The U.S. Department of Labor (“DOL”) Wage and Hour Division (“WHD”) announced in December of 2012 the recovery of $187,165 of wages for 69 employees as part of its multi-year ongoing enforcement initiative focused on vendors performing services for the fracing and pipeline industry. Following an audit by the DOL, the employees in question were found not to be eligible for the “professional” exemption to the overtime requirements. The employees primarily worked collecting samples for environmental monitoring.
The federal wage/hour law under the Fair Labor Standards Act (“FLSA”) includes the requirement to pay “non-exempt” employees time and one half of their “regular rate” for work in excess of 40 hours in a work week. The shale gas industry in the tri-state region (e.g., Ohio, Pennsylvania and West Virginia) can generate complex wage/hour issues due to the around-the-clock nature of certain of its operations and the variety of skills and occupations providing services. Therefore, prudent employers will exercise extra measures of diligence to ensure compliance with wage and hour matters.
What Can an Employer Do in the Face of the Ongoing Initiative?
Employers may consider having an internal audit performed. The internal audit would address the following topics:
Be Aware That Noncompliance with the FLSA Can Result In Considerable Costs!
Record keeping: Computer based payroll systems will contain the information necessary to meet most WHD requirements. Time worked and bonus calculation records should be kept as part of the pay records. Pay records should be kept for a minimum of 3 years.
Employee vs. Independent Contractor: Practices in the oil and gas industry often are at odds with the test used by the WHD to determine who is an employee and who is an independent contractor. Specific arrangements with independent contractors in areas such as training, welding and environmental monitoring are potential areas for review. The use of an independent contractor should be well documented.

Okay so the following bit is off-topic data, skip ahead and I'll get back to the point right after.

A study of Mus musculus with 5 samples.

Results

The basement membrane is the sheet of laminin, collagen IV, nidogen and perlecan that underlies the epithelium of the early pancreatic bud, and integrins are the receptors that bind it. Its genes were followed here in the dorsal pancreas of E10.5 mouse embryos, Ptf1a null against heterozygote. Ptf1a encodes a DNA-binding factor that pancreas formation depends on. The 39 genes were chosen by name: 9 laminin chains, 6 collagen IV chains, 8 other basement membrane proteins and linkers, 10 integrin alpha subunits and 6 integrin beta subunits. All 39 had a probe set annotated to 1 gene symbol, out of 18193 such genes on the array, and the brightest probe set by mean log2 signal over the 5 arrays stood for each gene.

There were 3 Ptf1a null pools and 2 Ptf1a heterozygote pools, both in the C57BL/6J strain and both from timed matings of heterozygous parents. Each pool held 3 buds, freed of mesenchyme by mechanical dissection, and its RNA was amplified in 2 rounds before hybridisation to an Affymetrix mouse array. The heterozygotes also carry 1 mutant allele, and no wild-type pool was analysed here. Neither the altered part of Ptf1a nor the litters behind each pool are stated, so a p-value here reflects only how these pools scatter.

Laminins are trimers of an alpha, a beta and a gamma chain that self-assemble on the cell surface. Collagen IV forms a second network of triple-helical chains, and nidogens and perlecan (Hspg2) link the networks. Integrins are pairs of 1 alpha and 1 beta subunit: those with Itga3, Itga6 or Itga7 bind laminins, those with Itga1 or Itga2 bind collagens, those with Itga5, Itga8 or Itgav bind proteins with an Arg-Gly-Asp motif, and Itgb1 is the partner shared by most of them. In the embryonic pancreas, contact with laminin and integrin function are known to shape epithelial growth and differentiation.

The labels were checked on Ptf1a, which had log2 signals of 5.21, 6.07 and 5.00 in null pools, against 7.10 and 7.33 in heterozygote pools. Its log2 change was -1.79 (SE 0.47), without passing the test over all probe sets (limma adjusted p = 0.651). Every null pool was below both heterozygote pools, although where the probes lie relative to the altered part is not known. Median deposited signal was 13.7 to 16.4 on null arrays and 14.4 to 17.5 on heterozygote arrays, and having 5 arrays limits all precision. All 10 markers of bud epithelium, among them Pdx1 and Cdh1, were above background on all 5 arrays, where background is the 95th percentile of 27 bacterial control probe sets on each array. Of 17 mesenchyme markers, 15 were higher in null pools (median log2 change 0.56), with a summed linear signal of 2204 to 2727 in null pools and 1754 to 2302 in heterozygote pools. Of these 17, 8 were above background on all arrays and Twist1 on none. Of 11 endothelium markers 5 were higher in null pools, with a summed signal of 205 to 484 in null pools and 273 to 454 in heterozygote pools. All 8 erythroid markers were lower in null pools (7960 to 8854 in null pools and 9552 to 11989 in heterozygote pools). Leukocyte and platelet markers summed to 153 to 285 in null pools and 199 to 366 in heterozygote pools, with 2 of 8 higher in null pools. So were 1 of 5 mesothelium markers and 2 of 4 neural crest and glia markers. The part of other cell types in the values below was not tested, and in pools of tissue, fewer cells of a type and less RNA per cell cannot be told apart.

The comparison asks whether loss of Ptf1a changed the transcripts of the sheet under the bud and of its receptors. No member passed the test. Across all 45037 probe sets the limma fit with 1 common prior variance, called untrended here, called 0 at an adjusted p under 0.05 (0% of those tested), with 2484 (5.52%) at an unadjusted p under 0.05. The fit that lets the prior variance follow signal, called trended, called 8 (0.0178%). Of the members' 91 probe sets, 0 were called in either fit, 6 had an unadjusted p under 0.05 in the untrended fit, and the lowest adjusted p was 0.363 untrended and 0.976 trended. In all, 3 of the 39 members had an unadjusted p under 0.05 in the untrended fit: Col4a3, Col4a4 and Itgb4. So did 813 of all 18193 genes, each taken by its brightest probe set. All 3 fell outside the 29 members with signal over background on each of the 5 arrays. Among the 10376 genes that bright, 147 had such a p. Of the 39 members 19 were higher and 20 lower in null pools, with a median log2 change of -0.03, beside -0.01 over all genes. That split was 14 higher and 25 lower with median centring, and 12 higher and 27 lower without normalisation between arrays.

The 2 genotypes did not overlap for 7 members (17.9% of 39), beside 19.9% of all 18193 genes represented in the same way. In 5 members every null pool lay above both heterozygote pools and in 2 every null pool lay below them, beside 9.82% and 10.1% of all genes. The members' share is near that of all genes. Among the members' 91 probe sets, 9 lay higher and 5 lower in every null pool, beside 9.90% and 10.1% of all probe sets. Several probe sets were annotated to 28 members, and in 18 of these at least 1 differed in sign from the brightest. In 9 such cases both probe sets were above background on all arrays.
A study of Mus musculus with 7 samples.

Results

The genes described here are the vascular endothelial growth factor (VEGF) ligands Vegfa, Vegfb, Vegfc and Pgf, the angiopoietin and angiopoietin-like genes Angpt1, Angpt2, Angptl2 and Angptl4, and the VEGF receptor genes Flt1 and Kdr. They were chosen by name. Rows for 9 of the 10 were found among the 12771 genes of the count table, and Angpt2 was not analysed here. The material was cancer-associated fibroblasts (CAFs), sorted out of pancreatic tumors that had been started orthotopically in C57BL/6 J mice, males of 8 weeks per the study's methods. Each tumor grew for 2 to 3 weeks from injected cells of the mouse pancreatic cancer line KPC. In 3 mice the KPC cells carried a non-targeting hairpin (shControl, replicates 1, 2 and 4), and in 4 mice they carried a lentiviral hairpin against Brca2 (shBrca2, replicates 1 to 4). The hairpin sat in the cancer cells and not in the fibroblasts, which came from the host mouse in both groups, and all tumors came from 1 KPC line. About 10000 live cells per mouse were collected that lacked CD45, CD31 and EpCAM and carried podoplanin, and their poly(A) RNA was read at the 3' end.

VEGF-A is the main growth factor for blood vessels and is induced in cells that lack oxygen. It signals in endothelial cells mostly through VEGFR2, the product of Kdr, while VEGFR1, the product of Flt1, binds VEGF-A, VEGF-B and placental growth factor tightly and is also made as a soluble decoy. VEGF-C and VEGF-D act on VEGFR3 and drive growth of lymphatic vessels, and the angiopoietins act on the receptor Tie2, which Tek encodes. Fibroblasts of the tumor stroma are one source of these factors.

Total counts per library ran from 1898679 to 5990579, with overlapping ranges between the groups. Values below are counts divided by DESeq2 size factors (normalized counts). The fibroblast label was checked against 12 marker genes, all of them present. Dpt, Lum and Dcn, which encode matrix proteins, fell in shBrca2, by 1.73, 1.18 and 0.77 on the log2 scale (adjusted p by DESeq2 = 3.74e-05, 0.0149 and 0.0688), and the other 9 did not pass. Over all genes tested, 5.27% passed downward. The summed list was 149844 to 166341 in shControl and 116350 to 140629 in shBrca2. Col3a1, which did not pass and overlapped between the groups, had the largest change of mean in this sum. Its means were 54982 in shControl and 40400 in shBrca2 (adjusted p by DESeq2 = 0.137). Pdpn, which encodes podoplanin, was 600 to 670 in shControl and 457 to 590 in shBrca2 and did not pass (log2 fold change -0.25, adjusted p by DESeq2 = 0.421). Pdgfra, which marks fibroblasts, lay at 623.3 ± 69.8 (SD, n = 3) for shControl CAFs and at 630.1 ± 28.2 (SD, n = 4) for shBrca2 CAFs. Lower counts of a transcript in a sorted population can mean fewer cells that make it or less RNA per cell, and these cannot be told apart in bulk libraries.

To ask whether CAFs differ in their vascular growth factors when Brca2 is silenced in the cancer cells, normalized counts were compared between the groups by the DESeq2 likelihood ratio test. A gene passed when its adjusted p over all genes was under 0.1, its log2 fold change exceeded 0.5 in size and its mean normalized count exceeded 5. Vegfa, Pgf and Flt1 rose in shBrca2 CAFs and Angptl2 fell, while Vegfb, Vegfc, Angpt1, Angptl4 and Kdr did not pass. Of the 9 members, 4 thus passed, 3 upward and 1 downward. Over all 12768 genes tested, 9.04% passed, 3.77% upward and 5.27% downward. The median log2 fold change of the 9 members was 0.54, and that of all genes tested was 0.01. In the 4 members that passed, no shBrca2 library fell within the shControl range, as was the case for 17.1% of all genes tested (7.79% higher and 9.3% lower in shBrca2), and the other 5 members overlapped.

Exempt vs. Non-Exempt: The exemptions from the overtime requirements which are often at issue in the shale industry include whether the employee meets the criteria to be exempt under the “salaried basis,” “professional,” “executive” or “administrative” categories. Determining if the employee meets the exemption criteria can be extremely fact intensive.
Compensable Time: A major area of litigation in recent years has centered on what should be considered to be time worked--and therefore compensable--and counted toward overtime hours. This includes the use of cell phones and computers outside of normal working hours. Travel time can also be an issue in circumstances where the employer provides a company vehicle and allows the employee to take the vehicle home after work. The employer should have a written policy on the use of take-home vehicles to insure that the commute from home to work is not compensable.
The FLSA has provisions for doubling the amount of unpaid wages and overtime, attorney fees and for a special form of class action. When current or former employees hire private counsel to prosecute FLSA claims, the employer can expect a class action suit for double damages going back three years under the FLSA, as well as a companion claim of violations of the applicable state wage payment law and state overtime law. State laws are often used because some state law provisions are actually more favorable to the employee than the FLSA. Such is the case in matters including the use of class actions, the scope of exemptions and the calculation of overtime.
Armed with the knowledge that DOL is targeting shale gas companies for wage and hour violations, savvy executives and managers will consider pre-emptive measures, such as those mentioned herein, to guard against possible penalties and sanctions.